By Douglas Brinkley and Julie M. Fenster, CAD 17.50, 240 pages, Harper Perennial.
Authors Brinkley and Fenster tell the story of a powerful man while conveying a sense of the times in which the priest, the founder of the Knights of Columbus, lived. Parish Priest places Father McGivney in his society through familial and ecclesiastical connections. McGivney had to find a way to fit into the social customs of the times even as he went about his ministry.
For instance, the daughter of the most prominent Episcopalian clergyman in New Haven, Connecticut, where Fr. McGivney was working at the time, had converted to Catholicism and later died. McGivney fulfilled his priestly duties towards the deceased even while minimizing the scandal. He allowed the Episcopalian minister to conduct a service in the Anglican church for his late daughter, a very forward move by the Irish-American priest.
The authors' esteem for the Catholic priesthood is at the heart of the book's success: “They [parish priests] celebrate Mass, baptize infants, visit the sick and dying, and preside at weddings and funerals. It's the parish priest to whom many of America's 65 million Catholics turn in times of personal crisis or if poverty strike a family. They serve on the level of one human helping another.”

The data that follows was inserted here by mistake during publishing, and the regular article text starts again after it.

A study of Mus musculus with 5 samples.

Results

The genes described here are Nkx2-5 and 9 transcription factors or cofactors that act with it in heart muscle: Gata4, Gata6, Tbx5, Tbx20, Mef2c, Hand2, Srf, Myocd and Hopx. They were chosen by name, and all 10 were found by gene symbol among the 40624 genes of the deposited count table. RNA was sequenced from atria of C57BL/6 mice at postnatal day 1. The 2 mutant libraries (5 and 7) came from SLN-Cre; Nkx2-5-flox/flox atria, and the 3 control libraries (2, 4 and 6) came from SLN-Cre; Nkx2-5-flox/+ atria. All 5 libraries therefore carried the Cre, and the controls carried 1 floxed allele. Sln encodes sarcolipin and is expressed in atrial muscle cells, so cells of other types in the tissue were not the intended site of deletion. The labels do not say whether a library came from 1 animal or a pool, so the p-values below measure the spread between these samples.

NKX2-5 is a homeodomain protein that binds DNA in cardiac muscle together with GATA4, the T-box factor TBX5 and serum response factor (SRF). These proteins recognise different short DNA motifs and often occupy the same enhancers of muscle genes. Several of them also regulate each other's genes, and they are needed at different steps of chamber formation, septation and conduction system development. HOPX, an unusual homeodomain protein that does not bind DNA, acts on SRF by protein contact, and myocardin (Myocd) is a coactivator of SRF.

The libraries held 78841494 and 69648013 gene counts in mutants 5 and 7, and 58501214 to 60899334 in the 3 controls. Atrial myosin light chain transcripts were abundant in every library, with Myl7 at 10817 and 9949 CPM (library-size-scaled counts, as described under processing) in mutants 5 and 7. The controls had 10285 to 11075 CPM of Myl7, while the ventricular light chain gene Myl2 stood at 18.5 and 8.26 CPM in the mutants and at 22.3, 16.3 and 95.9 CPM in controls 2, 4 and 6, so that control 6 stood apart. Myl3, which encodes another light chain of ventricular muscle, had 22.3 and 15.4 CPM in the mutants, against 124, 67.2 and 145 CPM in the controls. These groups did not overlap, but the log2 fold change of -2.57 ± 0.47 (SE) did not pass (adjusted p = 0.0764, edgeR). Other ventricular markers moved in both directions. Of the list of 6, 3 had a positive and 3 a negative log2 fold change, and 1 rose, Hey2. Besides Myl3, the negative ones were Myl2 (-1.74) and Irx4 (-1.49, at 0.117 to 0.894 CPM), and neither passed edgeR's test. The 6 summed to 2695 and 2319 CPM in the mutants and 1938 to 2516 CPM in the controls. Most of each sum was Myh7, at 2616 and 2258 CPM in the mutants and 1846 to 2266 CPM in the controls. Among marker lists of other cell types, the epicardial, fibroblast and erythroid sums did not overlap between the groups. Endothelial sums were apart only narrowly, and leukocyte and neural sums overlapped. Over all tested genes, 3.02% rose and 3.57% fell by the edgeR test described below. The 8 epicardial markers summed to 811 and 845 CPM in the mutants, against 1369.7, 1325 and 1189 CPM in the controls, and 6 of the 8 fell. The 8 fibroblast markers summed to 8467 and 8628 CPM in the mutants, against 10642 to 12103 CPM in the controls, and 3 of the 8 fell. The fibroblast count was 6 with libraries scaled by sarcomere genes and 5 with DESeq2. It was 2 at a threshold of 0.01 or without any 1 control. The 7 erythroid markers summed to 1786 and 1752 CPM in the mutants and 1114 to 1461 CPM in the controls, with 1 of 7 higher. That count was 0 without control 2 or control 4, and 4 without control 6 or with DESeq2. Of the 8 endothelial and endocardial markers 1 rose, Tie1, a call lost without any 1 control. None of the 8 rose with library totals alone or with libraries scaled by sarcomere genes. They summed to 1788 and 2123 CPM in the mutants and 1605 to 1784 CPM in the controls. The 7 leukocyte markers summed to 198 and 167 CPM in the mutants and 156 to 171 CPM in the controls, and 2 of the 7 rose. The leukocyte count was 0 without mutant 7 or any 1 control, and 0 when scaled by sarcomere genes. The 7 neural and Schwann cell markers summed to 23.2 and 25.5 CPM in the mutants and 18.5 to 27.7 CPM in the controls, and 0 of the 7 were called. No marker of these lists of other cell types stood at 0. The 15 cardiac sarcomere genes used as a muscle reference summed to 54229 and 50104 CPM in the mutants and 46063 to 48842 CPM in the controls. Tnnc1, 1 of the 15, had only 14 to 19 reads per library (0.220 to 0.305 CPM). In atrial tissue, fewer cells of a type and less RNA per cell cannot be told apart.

Parish Priest shows Father Michael as a heroic parish priest among many heroic Church leaders. For example, they emphasize that he was not the only Catholic pastor to die largely of exhaustion at a painfully young age, 38 in his case.
Father Michael was one among many heroic priests striving day and night to improve the lives of the poor and factory workers of New England. The authors convey the strong character of these leaders: “The many high-powered men who were drawn to the priesthood believed with a kind of determination in the ideal, protecting it with their deeds, and not just words.” Father McGivney, for one, set up the Knights to offer community to men and life insurance for the families of deceased members, two extremely important needs in this time and place.
Parish Priest also includes solid, informative theology of the priesthood. “'At the altar in Holy Mass,' [Jacques] Miller wrote, 'it is Jesus Christ who offers gifts, changes the bread and wine into His own Body and Blood, and immolates the victim. As Jesus Christ and the Church, according to St. Augustine, are not two Christs but one Christ, so the Eternal Priest and all the priests born in time are not a multitude of priests, but one Priest. The man disappears in this August mystery.'”
The authors demonstrate how American culture—at least at that time—can coexist and thrive alongside a strong, thriving Catholicism, and vice versa. This issue was a real problem in nineteenth-century America.